Priority of wired and wireless networks

My office broadband is down for few days and my two colleagues and I are using an EE Osprey wireless dongle to access the internet/email.  

I feel that there must be a simple solution to the issue but it is beyond me.

The wireless connection only seems to work if I disable my wired LAN. However my wired LAN connects me to a Network Access Server drive and printers (and the out of order ADSL modem) via a switch.    This means I cannot access the NAS drive which holds the office files or print to the printers.  The others are not set up on the wireless let but I assume they will have the same issue.

Whilst I can keep enabling and disabling the LAN that is  real pain for obvious reasons.

We do NOT run any back office or Exchange Server software it is a simple cat 5 structured cabling connection with printers and NAS on fixed IP addresses via an SMC switch.

Can I set it up so that Outlook and IE use the wireless connection but keep the wired LAN live so I can print etc? How do I force them to use the wireless instead of the wired connection?

We have three PCS.  I am using XP and Outlook 2003 and the others use Windows 7 Ultimate and office 2010.
LawyerLudditesolicitorAsked:
all os defaults to wired when present its the preferred network, however there are 2 ways to get wireless, un plug the Ethernet cable it will default to wireless or disable the Ethernet card.

for you to access the share all device must share the same network or for complex situation a router must be involved to route traffic
That doesn't really answer my question.  I know I can uplug the wired network but how can I then acces the shared NAS driver and printers?
Surely I can tell Outlook and IE to use the wireless connection instead of the wired, thus leaving me free to access the wired network when I need to?
as long as the NAS driver and printer are shared on the same network you can access them via start-run and in the dialog box type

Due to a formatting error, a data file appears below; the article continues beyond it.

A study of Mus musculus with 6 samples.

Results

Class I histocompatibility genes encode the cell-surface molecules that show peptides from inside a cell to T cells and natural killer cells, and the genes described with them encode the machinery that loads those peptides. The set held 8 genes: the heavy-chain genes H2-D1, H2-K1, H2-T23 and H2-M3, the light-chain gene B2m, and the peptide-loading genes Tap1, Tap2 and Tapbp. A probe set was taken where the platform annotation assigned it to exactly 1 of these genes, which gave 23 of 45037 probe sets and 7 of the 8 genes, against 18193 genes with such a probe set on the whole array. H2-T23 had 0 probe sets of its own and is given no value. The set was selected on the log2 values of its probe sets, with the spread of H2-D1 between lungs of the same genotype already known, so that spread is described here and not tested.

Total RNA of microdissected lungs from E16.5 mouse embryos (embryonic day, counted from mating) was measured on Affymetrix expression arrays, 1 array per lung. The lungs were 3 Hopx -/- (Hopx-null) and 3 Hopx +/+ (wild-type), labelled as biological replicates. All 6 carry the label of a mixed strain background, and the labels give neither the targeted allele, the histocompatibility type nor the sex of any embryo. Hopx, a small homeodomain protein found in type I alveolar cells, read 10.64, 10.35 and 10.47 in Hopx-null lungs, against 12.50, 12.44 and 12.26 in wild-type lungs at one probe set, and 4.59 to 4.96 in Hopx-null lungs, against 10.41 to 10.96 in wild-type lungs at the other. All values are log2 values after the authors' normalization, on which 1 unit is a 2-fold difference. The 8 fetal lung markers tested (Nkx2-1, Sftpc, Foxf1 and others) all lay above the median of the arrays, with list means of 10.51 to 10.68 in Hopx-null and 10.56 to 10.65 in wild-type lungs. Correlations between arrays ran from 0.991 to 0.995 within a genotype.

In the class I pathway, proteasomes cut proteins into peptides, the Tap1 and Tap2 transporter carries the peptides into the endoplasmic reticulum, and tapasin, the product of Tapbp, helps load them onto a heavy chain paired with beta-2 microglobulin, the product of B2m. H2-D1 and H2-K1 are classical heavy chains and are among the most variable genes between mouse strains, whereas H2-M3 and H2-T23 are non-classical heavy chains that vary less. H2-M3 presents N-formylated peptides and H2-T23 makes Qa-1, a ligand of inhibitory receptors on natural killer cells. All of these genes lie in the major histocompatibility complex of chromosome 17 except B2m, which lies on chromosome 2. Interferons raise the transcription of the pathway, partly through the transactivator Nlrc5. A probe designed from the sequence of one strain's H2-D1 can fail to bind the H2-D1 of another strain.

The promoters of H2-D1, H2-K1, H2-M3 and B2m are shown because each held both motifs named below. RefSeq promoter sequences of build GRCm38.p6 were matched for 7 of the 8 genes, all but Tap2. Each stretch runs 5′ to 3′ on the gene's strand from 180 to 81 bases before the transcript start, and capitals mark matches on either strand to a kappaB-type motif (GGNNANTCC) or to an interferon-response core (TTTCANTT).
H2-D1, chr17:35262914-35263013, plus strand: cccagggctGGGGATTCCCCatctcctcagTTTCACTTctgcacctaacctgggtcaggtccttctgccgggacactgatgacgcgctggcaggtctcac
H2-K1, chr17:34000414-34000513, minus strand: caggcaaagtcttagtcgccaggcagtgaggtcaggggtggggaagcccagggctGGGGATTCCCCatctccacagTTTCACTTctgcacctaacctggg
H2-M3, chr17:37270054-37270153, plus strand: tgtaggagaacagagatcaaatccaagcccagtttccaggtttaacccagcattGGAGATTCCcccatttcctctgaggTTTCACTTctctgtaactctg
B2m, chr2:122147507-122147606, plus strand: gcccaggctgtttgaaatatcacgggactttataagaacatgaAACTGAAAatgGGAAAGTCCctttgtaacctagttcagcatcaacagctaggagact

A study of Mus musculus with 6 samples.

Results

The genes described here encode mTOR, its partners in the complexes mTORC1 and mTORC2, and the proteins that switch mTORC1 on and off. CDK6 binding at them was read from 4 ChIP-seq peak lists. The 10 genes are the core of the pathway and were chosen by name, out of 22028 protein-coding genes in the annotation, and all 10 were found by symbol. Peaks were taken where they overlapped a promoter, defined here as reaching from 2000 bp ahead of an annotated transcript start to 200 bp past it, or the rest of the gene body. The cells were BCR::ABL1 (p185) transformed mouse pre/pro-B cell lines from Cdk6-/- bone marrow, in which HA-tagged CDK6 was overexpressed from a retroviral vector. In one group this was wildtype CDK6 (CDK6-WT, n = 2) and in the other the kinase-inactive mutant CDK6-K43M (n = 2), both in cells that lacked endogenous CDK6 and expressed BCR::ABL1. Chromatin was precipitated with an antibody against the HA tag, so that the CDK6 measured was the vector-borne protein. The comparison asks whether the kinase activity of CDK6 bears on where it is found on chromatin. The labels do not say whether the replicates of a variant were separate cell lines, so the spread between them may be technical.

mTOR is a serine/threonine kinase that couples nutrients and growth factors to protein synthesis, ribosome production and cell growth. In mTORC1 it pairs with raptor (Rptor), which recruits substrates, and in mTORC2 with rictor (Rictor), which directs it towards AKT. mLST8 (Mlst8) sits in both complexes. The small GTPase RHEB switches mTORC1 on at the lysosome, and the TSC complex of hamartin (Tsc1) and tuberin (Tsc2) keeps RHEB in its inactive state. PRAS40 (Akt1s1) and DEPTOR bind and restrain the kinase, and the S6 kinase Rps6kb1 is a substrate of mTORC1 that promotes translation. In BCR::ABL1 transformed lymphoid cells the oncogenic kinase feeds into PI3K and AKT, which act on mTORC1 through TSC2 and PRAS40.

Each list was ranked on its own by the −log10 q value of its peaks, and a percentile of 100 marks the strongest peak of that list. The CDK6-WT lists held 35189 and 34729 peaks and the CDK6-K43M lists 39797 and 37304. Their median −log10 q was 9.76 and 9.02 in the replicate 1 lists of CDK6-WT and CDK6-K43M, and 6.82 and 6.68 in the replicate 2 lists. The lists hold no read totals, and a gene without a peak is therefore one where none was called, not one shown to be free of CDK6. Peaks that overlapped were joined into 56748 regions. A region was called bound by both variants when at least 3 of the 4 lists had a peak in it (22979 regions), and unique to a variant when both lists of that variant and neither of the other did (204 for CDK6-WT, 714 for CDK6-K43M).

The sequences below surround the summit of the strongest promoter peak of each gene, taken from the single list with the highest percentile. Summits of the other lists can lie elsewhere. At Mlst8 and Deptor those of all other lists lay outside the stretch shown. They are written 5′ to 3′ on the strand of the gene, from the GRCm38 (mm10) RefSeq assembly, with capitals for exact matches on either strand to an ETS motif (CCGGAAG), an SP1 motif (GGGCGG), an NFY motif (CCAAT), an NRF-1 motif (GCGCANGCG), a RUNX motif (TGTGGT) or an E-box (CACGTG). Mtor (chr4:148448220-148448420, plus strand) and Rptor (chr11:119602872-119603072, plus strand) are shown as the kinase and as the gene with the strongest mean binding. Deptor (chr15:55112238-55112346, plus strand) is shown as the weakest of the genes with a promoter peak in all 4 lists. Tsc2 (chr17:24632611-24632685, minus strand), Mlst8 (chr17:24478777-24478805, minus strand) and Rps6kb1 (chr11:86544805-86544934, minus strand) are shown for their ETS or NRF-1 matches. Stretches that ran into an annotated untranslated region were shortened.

To Connect to a Shared Folder with the UNC Format

    Click Start, and then click Run.
    Type the share name by using the UNC format (\\servername\sharename), and then click OK. Windows 2000 displays all of the shared folders and printers on that computer.
    Double-click the shared folder to access the shared files.
Why not just set the IP address of the device the dongle is connected to as the proxy server in IE, under Internet Options -> Connections -> LAN settings? If you ensure that the Bypass proxy server for local addresses is ticked then IE should work at least, and possibly Outlook too if it gets its connection information from that browser setting.
I still think you are answering a different question.  I can connect to the printers and devices fine if the wired network card is plugged in or enabled.  There is no way to connect to them via the seprate unconnected wireless broadband modem because that is a temporary stand alone device with no ports or anything to connect it to the wired network, NAS or printers or the switch.
There is NO SERVER by the way as I said before.

What I want to do is keep my wired connection to access the NAS/Printers but be able to use the free standing wireless modem to access the internet/email.   This requires IE and Outlook to connect through the wireless connection rather than try (and fail) through the wired connection.  How can I achieve that?
For that you will need a router.
Perarduaadastra
Just seen your comment. The dongle is not connected to anything apart from a power socket.  it is a free standing 4G wireless modem with a simm card in it - i have no idea if it has an ip address or how to find out what it might be
How is a router going to help - I cannot connect the broadband modem to it unless it can be done wirelessly?  I have two routers - the BT broadband one that is not currently connected and a Billion router (currently not in use) but I cannot see how I physically connect them?
you will have given each device a static ip address, disable dhcp on the router and leave WiFi connected, it will say on the LAN side limited connection just ignore you're still able to use land resources while your able to get email via WiFi
some routers use sim card or usb
they are expensive though
There seems to be very little meaningful technical information available for this device. As far as I know, it comes with a USB cable which is used for charging, but have you tried using it to connect the Osprey to a computer? There may be installable software on the dongle which would allow you to use that computer as your combined internet gateway/WAP until your fixed connection was up and running again.
On your machine, try removing the default gateway from your NIC settings for the wired interface.